Six Tips for Pitching the Media

  • October 31st, 2013
  • Guest Post

Screen Shot 2013-10-31 at 7.48.16 AMPitching the media is easy, right?  Anybody can do it, right?  Well, to be perfectly honest, no, it’s not always easy and not everybody can do it.  When a pitch is skillfully handled and leads to an interview it may look easy, but so does basketball when you watch Michael Jordan play.  As in any successful accomplishment, there is a lot of work that goes on behind the scenes to make the effort successful.

Two instances come to mind that illustrate the best ways to pitch the media.  In the first instance, a new PR person I worked with wanted to pitch the media and put together an e-mail pitch.  This person asked me to review the pitch and it was…thorough.   The pitch was about the length of a full-blown short novel and included a number of attachments, data sheets and photos.  No reporter wants to receive all this in the first pitch.

In the second example, a former colleague froze once the reporter answered the phone.  I’ve shared this story before, but when the reporter answered the phone my colleague panicked and told the reporter that this was his first pitch and that he didn’t know what to say.  The reporter took pity on him and asked him who his client was and if they had a new product or what the news was.  My colleague explained and the reporter agreed to an appointment. Rarely does this happen.

Bearing these stories in mind, here are six tips to make pitching the media successful.

  • Identify the right target.  Do some research and make sure you’re targeting the right reporter and the right outlet.  If you’re pitching the local evening news on a new medical technology, don’t call or e-mail the weather person.  Familiarize yourself with the publication and its staff to ensure that you know who coves what beats.  Nothing will frustrate a reporter more than getting a call or e-mail to cover a story that’s not part of their regular coverage area.  From an outlet perspective, for the same medical technology, if it has nothing to do with sports, don’t pitch ESPN.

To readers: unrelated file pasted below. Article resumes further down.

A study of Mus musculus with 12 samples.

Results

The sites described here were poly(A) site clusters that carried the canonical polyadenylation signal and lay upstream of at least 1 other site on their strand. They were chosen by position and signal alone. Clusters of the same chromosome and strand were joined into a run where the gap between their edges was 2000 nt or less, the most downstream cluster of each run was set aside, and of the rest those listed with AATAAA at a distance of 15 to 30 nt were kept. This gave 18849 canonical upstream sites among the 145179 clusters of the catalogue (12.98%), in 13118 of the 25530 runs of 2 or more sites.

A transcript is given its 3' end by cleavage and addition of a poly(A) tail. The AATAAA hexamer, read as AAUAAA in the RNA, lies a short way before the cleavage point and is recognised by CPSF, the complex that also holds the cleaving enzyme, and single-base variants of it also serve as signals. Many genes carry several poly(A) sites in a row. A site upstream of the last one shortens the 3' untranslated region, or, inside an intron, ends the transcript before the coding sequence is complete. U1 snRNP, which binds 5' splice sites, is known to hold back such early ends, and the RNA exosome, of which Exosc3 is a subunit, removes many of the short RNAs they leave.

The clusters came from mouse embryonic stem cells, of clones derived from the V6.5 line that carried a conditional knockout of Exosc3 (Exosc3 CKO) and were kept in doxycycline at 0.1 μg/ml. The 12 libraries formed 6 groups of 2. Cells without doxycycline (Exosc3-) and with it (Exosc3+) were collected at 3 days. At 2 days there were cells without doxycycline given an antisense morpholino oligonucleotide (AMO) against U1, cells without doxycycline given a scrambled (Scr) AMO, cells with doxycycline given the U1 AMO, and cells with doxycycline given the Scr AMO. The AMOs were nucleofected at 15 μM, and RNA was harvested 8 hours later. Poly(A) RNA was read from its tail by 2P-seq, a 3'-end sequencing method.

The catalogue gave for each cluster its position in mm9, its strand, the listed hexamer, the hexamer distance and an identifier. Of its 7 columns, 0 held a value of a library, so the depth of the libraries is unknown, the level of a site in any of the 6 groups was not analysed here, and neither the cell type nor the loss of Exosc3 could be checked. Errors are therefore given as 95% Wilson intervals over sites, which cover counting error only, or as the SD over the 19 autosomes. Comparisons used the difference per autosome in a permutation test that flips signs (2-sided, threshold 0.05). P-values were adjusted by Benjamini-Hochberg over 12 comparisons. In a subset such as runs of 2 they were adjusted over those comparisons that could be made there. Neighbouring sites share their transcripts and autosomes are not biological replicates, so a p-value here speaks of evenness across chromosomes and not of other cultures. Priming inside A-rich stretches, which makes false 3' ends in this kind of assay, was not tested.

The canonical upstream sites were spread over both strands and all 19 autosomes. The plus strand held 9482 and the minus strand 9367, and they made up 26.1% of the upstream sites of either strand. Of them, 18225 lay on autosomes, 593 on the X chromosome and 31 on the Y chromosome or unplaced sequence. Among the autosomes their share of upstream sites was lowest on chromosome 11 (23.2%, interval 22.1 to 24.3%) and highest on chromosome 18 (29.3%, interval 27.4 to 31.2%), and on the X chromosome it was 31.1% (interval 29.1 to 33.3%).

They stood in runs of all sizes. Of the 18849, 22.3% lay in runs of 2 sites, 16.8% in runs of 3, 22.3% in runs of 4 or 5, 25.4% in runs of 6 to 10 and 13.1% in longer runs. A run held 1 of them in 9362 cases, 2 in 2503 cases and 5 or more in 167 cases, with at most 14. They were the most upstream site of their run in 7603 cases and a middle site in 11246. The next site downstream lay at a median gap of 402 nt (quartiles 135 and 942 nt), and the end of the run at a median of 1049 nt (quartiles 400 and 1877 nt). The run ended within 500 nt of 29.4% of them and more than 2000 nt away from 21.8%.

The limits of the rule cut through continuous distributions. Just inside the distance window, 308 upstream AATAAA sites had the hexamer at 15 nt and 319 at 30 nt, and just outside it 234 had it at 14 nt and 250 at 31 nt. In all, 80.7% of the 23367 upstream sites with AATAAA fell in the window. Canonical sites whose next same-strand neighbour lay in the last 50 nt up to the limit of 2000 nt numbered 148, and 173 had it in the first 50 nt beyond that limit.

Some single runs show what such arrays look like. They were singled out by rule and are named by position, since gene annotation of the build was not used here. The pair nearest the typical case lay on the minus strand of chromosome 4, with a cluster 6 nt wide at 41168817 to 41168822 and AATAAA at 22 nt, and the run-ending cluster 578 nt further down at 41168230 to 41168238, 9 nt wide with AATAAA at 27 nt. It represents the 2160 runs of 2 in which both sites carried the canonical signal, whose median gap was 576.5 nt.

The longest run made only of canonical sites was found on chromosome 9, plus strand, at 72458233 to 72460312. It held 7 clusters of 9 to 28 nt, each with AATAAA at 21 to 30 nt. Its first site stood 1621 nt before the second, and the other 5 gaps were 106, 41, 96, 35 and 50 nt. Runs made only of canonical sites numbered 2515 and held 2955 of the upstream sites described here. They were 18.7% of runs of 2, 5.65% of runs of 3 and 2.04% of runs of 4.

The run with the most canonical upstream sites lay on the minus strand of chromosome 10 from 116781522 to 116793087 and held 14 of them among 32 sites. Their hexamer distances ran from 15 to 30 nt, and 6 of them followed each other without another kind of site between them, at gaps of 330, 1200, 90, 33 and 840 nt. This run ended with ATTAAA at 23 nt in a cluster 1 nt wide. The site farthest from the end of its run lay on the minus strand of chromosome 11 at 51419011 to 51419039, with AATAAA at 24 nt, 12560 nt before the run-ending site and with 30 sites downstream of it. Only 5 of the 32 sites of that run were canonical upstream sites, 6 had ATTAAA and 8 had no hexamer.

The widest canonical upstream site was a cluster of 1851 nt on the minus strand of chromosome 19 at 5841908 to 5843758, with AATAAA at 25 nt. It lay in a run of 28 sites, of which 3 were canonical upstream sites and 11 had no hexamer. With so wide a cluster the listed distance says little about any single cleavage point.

• Only call when you have a story.  Just because you know a reporters phone number or e-mail address doesn’t give you an open invitation to call them once a week to chat.  If you call them, have a story idea or angle in the mind that will meet their needs. Reporters are always looking for something new.  They don’t want to tell the same story or a slight variation thereof multiple times.  Their editors and readers aren’t interested on that either.
  • Be brief and get to the point.  Reporters are busy and don’t have time to read a small novel to understand what your pitch is.  An effective pitch should only be a paragraph or two and should lead with the most important or relevant details.  I know one former editor who would read the first paragraph of every press release or e-mail.  If at the end of the first paragraph she didn’t know what the pitch or story was she would delete it and move on.
  • Clearly explain what the story is and why it’s important.  If a reporter has to guess what the story is they’ll likely lose interest before ever finishing reading your e-mail.  Keep in mind, reporters are busy and receive hundreds of e-mail pitches a day.  Be clear and concise.
  • Be clear about what you want.  Don’t beat around the bush or try to drop hints about what you want.  Come right out and ask or tell a reporter what you want.  If a reporter has to wonder what the story is or what you want, they’ll move on to other opportunities that are clearer and provide the level of details that enables them to understand and visualize the story.
  • Avoid being a “me to, me to” guy.  Just because a competitor secures a story with an industry magazine doesn’t mean you should call the reporter that wrote the article and tell him that you can do the same thing or can do it better and demand or request that the reporter write a story on the same topic about you.  No reporter is going to do that.  If there is an important issue that was left out or missed in the article, it is appropriate to point that out.  However, let your PR team handle those types of follow up pitches and issues.

Reporters are open to hearing from PR people and others that have a legitimate story.  They’re busy and don’t want to waste time on superfluous and irrelevant pitches. If done right, a pitch will be well received and yield the positive results your company wants.  When done right it looks easy and effortless even though it’s not all that easy.  By following these six steps you’ll increase your chances for success and begin building relationships of trust with the media that will enable you to secure and enjoy ongoing success.

Jeremy KartchnerAbout Jeremy Kartchner

Jeremy Kartchner is a Partner at Snapp Conner PR and has more than 15 years experience in both technology and sports PR.  In addition to his responsibilities with Snapp Conner PR, Kartchner also works with the Utah Jazz as a member of its Game Night public relations staff where he is responsible for tracking and providing game time statistics for local, national and international media and conducting pre and post game player and coach interviews. He’s a sports fan, golfer, father of three, husband to one hottie, partially bionic, cavity free, Olympics junkie and wanna be blogger.